Fast Fashion Isn’t Working — Here’s How We Fix It Before It’s Too Late

The Venture Collective (TVC)
4 min readFeb 22, 2022
Photo by freestocks on Unsplash

First there was Forever 21, Zara and H&M. Then there was Amazon. Now, not only are the aforementioned fast fashion companies just as relevant, but new competitors like Shein, Boohoo and Fashion Nova have entered the arena of the $500 billion fashion industry. This may not come as a surprise — commercialism is alive and well– but the fact that the equivalent of one garbage truck full of clothes is burned or dumped in a landfill every second may give you pause. If, somehow, that doesn’t seem that alarming, consider that approximately 60% of all materials used by the fashion industry are made from plastic and 500,000 tons of microfibers are released into the ocean each year from washing clothes — the equivalent of 50 billion plastic bottles. With dire numbers like these, it’s no surprise the fashion industry is under intense pressure to develop new initiatives that cut apparel waste and reduce its environmental impact. Fast fashion, in particular, comes at an astonishing environmental and social cost and is forcing us to rethink the concept. These statistics stress the need for more sustainable business models and practices. Yet, while the data supports the need for a complete overhaul when it comes to fast-fashion and fashion production in general, the industry is dangerously behind.

While it’s clear fast-fashion companies and policies that allow for 86% (or 15 million tons) of all textiles to be wasted annually are in the wrong, the blame also falls in part to consumers. Currently, apparel is a $1.5 trillion global industry and is expected to grow to $2.3 trillion by 2025. There is a rising demand for sustainable brands especially among Gen Z, 62% of whom say they prefer to choose sustainable brands and are willing to pay more for sustainable products. Re-sale fashion is also growing in popularity, with fashion shopping app Lyst seeing more than a 37% increase in searches for sustainability-related keywords. Still, similar to using the words “clean” or “natural” in beauty products, “sustainability” is a broad term that has practically lost all of its meaning in the fashion industry. The true crux of the problem is that despite being the generation credited with leading the charge on climate activism and social justice, Gen Z consumers are also the ones propelling the growth of fast-fashion behemoths. Despite caring about the environment, Gen Zers are still choosing these wasteful retailers in order to keep up with ever-changing trends on social media. While this may be, in part, due to a lack of awareness of the severity of the issue, some studies show that when it comes to purchasing decisions in the apparel category, sustainability is ultimately undermined by the influence of low prices and desire to keep up with the latest trends. In short, fast fashion isn’t going away. So how do we move forward? Enter zero-waste real-time fashion.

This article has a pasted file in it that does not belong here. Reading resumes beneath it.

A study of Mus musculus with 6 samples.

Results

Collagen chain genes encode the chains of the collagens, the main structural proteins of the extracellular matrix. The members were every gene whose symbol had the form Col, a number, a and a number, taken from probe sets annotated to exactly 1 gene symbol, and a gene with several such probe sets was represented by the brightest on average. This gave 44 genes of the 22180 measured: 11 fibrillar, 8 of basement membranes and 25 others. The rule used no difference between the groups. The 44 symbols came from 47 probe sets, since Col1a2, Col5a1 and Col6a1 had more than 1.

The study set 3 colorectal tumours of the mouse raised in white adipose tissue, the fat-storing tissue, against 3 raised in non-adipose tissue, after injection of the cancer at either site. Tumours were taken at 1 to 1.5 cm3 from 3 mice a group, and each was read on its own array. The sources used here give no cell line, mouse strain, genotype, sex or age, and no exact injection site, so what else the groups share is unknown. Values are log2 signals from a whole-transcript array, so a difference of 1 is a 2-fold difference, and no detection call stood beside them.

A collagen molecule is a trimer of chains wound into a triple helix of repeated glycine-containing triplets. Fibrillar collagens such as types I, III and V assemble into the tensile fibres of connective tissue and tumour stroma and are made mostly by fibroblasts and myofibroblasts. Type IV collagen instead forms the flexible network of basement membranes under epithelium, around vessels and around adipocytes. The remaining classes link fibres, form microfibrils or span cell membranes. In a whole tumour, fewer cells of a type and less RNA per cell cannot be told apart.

What is zero-waste? Zero waste in the context of fashion is anything that seeks to eliminate waste from the production of clothing. Broadly, you could think about how you can reduce fabric waste during the design process or how to eliminate the overproduction of inventory by avoiding the traditional “produce now, sell later” mindset. For example, a fashion company could do this by better forecasting trends to avoid the overproduction of unsold/unused inventory. By leveraging recent advances in AI technology, brands can better predict viral trends and demand, thereby creating goods that actually get purchased versus the 80% that end up in landfills.

This dovetails into the concept of “real-time” fashion, the evolution of fast fashion which originally started in the late 1990s with the Zaras and H&Ms of the world, which was then followed by the ultra fast fashion era with brands like ASOS and Boohoo. While what Shein has been able to do in terms of introducing trendy items faster than any of its predecessors is undoubtedly impressive, my feeling is that the next evolution of fast fashion will not only leverage data analytics and AI to forecast trends and demands, but will also focus on higher quality garments and greater transparency across the entire supply chain.

As Paula Sutter, TVC’s Chairwoman and former CEO of TSG Fashion Group and President of Diane von Furstenberg, says, “The pressure to never repeat an outfit on TikTok is growing among Gen Z and Millennials and it isn’t slowing down. Urging consumers to reduce consumption isn’t necessarily the answer either. With fast fashion’s poor labor and environmental standards beginning to come to light, I’m encouraged by this next wave of brands that are taking a new approach — fast fashion with a focus on sustainability.”

As a VC dedicated to making a positive impact in this world, our firm is interested in making investments that help to address these inefficiencies across the spectrum, from design and product development to manufacturing and logistics. As a woman with an appreciation of fashion, I understand the allure of fast fashion. However, as a conscious consumer, I look forward to the next chapter of fashion production and consumption. If you, like me, hope to disrupt this space, let’s find a way to do so together. If you’re a founder operating in this space or a fellow VC looking to exchange ideas, I’d love to chat! You can reach me at steph@theventurecollective.com.